British retail banking is hogging the limelight today. The markets quickly began to absorb the news that the Co-operative Bank has been 'rescued' in a deal that takes it out of the Co-op group.
As they did so, Andrew Bailey, chief executive officer of the Financial Conduct Authority, delivered a thoughtful speech on retail banking to the BBA retail banking conference.
It is hard to think of many more important subjects in our world than the future of retail banking, he stated, before hitting the audience with a barrage of statistics.
- There are over 72 million personal current accounts in the UK
- There are retail deposits of over £1.5 trillion, comprising current accounts, savings products and SME banking
- Retail lending is a key driver of economic activity; UK households owe £1.3 trillion in mortgages and £198bn in consumer credit
- There are over 5.4 million SMEs in the UK
- There are over 61 million credit cards in issue in the UK
The rise of challenger banks
Bailey sees evidence of rapid change in an industry begetting 'challenger banks'. He notes that 16 brand new banks have been authorised over the last five years, with 38 in the pipeline, which must be a modern record, he says.
The rate of increase of use of digital and contactless channels is fast and unlikely to slow, he continues. That, however, is not necessarily good news, he suggests.
“With that goes a sharp increase in the frequency at which customers wish to extract information from their accounts,” he observes. “And, the scale of operational threats from fraud and cyber-attacks has increased.”
A decade on from Northern Rock crisis
His comments come not far from 10 years to the day that the global financial crisis began to emerge. The troubles experienced by Northern Rock were an early symptom, and part of the cause. He describes it as a house of cards.
The collapse of the house of cards demonstrated the vital importance of capital adequacy to individual banks and to the sector as a whole. Despite the efforts of regulators around the world, capital inadequacy remains an issue.
This is illustrated by the latest call for consultation by the Basel, Switzerland-based Bank for International Settlements, informally known as the central banks' central bank.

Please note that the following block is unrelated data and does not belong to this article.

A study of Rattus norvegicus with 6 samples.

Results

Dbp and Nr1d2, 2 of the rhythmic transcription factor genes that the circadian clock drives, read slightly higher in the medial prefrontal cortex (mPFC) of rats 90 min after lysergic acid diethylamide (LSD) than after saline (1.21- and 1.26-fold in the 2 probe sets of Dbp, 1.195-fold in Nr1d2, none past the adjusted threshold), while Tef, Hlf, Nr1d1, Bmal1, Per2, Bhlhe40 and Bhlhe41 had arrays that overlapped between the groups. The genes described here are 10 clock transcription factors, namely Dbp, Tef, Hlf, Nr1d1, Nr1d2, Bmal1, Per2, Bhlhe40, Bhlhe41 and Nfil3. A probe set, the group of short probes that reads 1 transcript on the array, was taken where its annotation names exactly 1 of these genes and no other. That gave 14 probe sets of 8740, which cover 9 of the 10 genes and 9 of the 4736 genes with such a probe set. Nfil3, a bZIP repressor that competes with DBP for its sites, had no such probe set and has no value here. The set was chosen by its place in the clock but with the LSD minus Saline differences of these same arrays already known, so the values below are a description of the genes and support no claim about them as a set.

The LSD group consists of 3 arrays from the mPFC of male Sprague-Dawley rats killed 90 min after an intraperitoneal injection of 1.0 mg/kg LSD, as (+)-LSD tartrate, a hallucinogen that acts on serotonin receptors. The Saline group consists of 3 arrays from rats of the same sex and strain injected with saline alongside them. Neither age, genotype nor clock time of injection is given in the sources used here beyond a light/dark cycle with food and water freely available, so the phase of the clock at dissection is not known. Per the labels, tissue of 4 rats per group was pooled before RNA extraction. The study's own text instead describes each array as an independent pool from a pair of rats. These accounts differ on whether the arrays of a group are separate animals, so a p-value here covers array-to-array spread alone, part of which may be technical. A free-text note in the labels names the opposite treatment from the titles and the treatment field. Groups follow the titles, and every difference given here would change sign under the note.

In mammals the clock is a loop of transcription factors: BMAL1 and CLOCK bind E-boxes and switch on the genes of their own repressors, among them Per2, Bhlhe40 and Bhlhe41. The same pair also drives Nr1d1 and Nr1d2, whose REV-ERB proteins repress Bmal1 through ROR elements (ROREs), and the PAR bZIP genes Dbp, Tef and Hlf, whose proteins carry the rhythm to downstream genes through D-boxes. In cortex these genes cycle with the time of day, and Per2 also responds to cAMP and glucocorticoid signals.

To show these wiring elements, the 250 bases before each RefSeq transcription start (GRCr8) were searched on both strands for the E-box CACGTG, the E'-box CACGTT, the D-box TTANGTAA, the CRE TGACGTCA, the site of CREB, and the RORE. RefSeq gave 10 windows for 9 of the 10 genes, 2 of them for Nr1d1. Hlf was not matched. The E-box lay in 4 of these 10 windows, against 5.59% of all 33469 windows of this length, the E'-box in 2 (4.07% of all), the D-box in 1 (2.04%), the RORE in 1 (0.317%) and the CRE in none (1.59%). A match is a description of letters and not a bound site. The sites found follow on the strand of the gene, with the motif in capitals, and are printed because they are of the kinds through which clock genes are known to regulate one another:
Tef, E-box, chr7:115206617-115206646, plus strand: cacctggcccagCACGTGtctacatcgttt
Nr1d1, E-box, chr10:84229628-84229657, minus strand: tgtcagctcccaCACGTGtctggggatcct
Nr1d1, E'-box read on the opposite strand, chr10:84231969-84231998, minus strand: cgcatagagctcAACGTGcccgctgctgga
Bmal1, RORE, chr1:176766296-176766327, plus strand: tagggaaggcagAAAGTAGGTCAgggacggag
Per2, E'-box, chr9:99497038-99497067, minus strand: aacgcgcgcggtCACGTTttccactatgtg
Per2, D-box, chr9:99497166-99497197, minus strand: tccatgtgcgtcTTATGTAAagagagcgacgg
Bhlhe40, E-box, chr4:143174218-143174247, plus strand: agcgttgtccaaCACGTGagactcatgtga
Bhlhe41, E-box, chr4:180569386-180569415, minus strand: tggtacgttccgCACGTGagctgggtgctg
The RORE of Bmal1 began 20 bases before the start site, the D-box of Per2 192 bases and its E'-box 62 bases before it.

Capital according to the BIS
In January 2016, the Basel Committee on Banking Supervision published the standard Minimum capital requirements for market risk. The standard includes an internal models approach and a standardised approach to measuring market risk capital requirements.
In order to facilitate adoption of this standard for banks other than those that are large and internationally active, a new BIS document - its latest - sets out the Committee's proposal for a simplified alternative to the market risk standardised approach.
The proposed reduced sensitivities-based method represents a simplified version of the sensitivities-based method (SbM), which is the primary component of the standardised approach.
BIS, Basel, Switzerland, courtesy of BIS
Significant simplifications relative to the SbM include
- Removal of capital requirements for vega and curvature risks (vega is the measurement of an option's sensitivity to changes in the volatility of the underlying asset; curvature risk captures the non-linear risk, which is not accounted for by delta risk; delta risk measures the risk associated with the shift of the interest rate curve).
- Simplification of the basis risk calculation
- Reduction in risk factor granularity and the correlation scenarios to be applied in the associated calculations
The sum of three components
As proposed, for banks that adopt the reduced SbM, the standardised approach market risk capital requirement would be the sum of three components:
- the risk charges under the reduced SbM (as in the consultative document)
- the default risk charge
- the residual risk add-on, with the latter two to be calculated as specified in the January 2016 standard
The BIS says the Committee welcomes comments on all aspects of this consultative document and the proposed standards text. It asks for comments on the proposals to be uploaded here by Wednesday 27 September 2017.